Scott Ball / Rivard Report
One of San Antonio’s economic engines is getting a new CEO, and after nearly four years with Roland Mower at the helm, Port San Antonio’s board of directors is aiming to realize what City Councilman Greg Brockhouse calls the “massive potential” of the 1,900-acre former Air Force base.
Mower resigned Tuesday following a “board decision,” said Brockhouse, whose District 6 lies just outside Port San Antonio.
Home to about 12,000 workers and more than 70 employers in the areas of cybersecurity, aerospace, manufacturing, and logistics — among others — the Port had a more than $5 billion impact on the economy in 2016, according to the Texas Comptroller of Public Accounts.
The Rivard Report contacted several board members, who declined to comment on what prompted the decision to seek Mower’s resignation. Mower did not respond to email and telephone requests for an interview.
“It has truly been an honor and a privilege to serve as CEO of the Port for the past three and a half years, and I look forward to working with the Board in my new role,” Mower said in a press release. “I look forward to all the great things to come for Port San Antonio.”
Mower’s resignation, which won’t be effective until Dec. 31, will initiate a search for Port San Antonio’s new top executive at a special meeting of its board of directors set for Friday. The board will consider accepting Mower’s resignation and appointing him special advisor to the board, according to a Port San Antonio news release. His beginning date in his potential advisor role will be determined by the board.
Board chair Victoria Garcia said Mower helped grow the city’s economy through development projects.
“His deep knowledge and commitment to the Port’s economic development goals have helped the Port become a successful engine of economic development in San Antonio,” Garcia said. “I am grateful for Roland’s willingness to assist and provide guidance to the board as we begin the process of appointing an interim CEO.”
However, Brockhouse said the City of San Antonio invests tens of millions of dollars in Port San Antonio with little return to show for it.
“With the amount of money they’ve received, I think it is well past time for them to change direction, start thinking about the community, and build an economic generator for the city,” he said. “I think that’s been missed over the last few years. I’m happy to see a change of focus.”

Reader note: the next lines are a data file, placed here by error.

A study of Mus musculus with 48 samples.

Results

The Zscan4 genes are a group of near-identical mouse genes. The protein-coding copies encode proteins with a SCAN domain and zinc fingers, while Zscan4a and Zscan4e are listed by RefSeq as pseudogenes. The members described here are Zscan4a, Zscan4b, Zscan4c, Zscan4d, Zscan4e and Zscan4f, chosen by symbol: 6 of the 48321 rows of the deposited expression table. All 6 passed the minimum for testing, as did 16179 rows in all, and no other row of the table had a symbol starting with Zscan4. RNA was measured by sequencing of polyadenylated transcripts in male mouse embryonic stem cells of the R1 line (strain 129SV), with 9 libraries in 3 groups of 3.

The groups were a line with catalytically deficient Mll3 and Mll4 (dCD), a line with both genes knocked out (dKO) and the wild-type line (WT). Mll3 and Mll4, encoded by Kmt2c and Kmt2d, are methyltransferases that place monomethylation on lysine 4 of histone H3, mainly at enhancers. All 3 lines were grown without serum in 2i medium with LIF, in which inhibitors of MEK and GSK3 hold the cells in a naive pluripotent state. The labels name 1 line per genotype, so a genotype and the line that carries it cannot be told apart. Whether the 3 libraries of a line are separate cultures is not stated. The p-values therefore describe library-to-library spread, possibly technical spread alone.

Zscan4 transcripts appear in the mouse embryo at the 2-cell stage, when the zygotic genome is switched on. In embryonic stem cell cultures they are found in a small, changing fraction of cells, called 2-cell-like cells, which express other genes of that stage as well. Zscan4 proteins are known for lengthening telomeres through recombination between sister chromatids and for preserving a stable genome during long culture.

The former Air Force base played a critical role in the city’s military-based economy up until its closure in 2001. The Port was founded with the intent of transforming the complex into a private- and public-sector hub and to grow industries and manufacturing in San Antonio.
Among his accomplishments since being appointed in 2014, Mower helped add hundreds of new jobs in the advanced manufacturing, cybersecurity, and global logistics development within the former base through the recruitment of several companies.
T.J. Mayes, chief of staff to Bexar County Judge Nelson Wolff who sits on the San Antonio City Council-appointed board, said Mower has served the San Antonio community well.
“He understood that the port was a regional economic asset that could especially help us continue to expand the aerospace and cybersecurity industries,” Mayes said. “His leadership on the Project Tech initiative is emblematic of that.”
Project Tech is a $20 million, 90,000-square-foot technology complex that will house firms supporting San Antonio’s growing cybersecurity community.
“Now we need to look forward and decide how the Port will fit into the broader SA Tomorrow comprehensive plan, the Bexar County Economic Development plan, and reach out to economic stakeholders to figure out how we are going to grow the cybersecurity, manufacturing, and other key sectors of our economy,” Mayes said.
David Heard, a local cybersecurity expert and CEO of San Antonio’s tech sector advocacy organization Tech Bloc, said Mower has been active in the economic development arena and has helped execute the vision of building out San Antonio’s cybersecurity and other STEM-based sectors.
“From everything I can tell he leaves the organization and all the projects in good stead,” Heard said. “I think our city needs Port San Antonio — our technology sector needs Port San Antonio to be successful. I know he worked hard to get them a good distance down the road toward that.
“We look forward to Port San Antonio continuing to be a very vibrant and healthy part of our tech narrative, an innovation powerhouse for our city. I still think their best days are ahead.”
Rey Chavez — who leads San Antonio Manufacturers Association, a local manufacturing industry advocacy group — said the news of Mower’s resignation came as a surprise.
“This was news to all of us,” Chavez said. “He will be missed, and SAMA will continue to assist the Port in sustaining and recruiting manufacturing companies.”